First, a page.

Indonesia Travel Guide
Organic café selling indigenous foodstuffs, including local Big Tree Farms' sea salt and spices.
Set deep in the Petanu River valley, Goa Gajah—better known as “The Elephant Cave”— houses an ancient (circa 11th-century) Buddhist and Hindu temple that’s one of Bali’s most bewitching tourist attractions.
This glittering salon, which partially occupies the Kerobokan property of owner Sandra McArthur, is filled with fabulous custom-beaded handiwork.
The Canadian-born designer moved to Bali more than 30 years ago to study local silversmithing and eventually created a multimillion-dollar business.
Public tours of the 23-acre campus are held on Mondays and Wednesdays.
Where It Is: Four large islands and hundreds of smaller land masses make up the immense archipelago of Raja Ampat, set in the Pacific waters off the Bird’s Head Peninsula of eastern Indonesia. There are hundreds of dive sites among these islands.
A literal Bali High ensues when you see the island from up above. Air Bali’s aircraft (a Bell 206 helicopter seating four, and a Piper Cheyenne plane seating six) run an array of over-the-top tours (pun intended) from Ngurah Rai Airport.
Many tourists make a quick, guided daytrip to see this 5,000-foot, still-active volcano near the northwestern village of Kintamani—but it’s a much better idea to rent a car and driver, and take your time getting there.
Nightclubs in Bali tend to open and close like wind-beaten shutters, but this all-in-one restaurant/bar/party venue has stayed popular for years, mostly due to its “something for everyone” approach.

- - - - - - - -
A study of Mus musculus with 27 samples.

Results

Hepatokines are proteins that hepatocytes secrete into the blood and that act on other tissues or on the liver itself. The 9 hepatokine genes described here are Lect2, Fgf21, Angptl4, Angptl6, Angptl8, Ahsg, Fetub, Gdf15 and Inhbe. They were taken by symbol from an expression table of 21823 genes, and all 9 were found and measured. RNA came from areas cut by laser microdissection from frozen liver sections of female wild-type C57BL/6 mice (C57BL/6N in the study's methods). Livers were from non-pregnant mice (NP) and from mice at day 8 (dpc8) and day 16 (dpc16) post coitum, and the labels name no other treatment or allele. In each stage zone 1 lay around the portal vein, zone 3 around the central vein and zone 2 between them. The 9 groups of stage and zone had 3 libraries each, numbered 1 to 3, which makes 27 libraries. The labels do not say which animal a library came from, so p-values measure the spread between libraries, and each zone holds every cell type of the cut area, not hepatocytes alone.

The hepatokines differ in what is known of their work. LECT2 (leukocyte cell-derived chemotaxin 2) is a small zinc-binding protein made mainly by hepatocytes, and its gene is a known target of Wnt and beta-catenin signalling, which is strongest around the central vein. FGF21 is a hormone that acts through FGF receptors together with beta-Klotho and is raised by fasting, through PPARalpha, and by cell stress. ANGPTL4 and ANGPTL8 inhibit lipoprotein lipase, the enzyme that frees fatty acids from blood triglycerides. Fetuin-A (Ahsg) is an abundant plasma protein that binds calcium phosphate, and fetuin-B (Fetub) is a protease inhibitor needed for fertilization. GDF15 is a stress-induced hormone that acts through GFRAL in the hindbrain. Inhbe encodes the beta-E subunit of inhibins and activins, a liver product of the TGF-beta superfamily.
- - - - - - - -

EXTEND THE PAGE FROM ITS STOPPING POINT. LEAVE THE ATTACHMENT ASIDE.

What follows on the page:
One of the best spots on the island to find Balinese art and sculpture. Shelves are filled with vibrant textiles from across Java.
Set right on the grounds of an elephant sanctuary 30 minutes north of Ubud, the Elephant Safari Park Lodge—opened in March 2008—allows guests to get up close and personal with the park's 27 resident Sumatran pachyderms.
A tented safari-style picnic may sound more Out of Africa than Balinese, but an excursion with Esprite Nomade in the hills outside Ubud is one of the most decadent ways to spend an afternoon on the island.
American owner (and art historian) Susi Johnston and her Italian partner Bruno Piazza make regular treasure-hunting trips through the Southeast Asian outback for one-of-a-kind artifacts—which wind up in their shop. Susi focuses on 18th-century textiles; Bruno on tribal art and ancient jewelry.
A visit here is more than a shopping trip, it is a visual experience. Goldsmiths, both Balinese and international, sell their one-of-a-kind modern designs, which incorporate traditional jewelry-making techniques.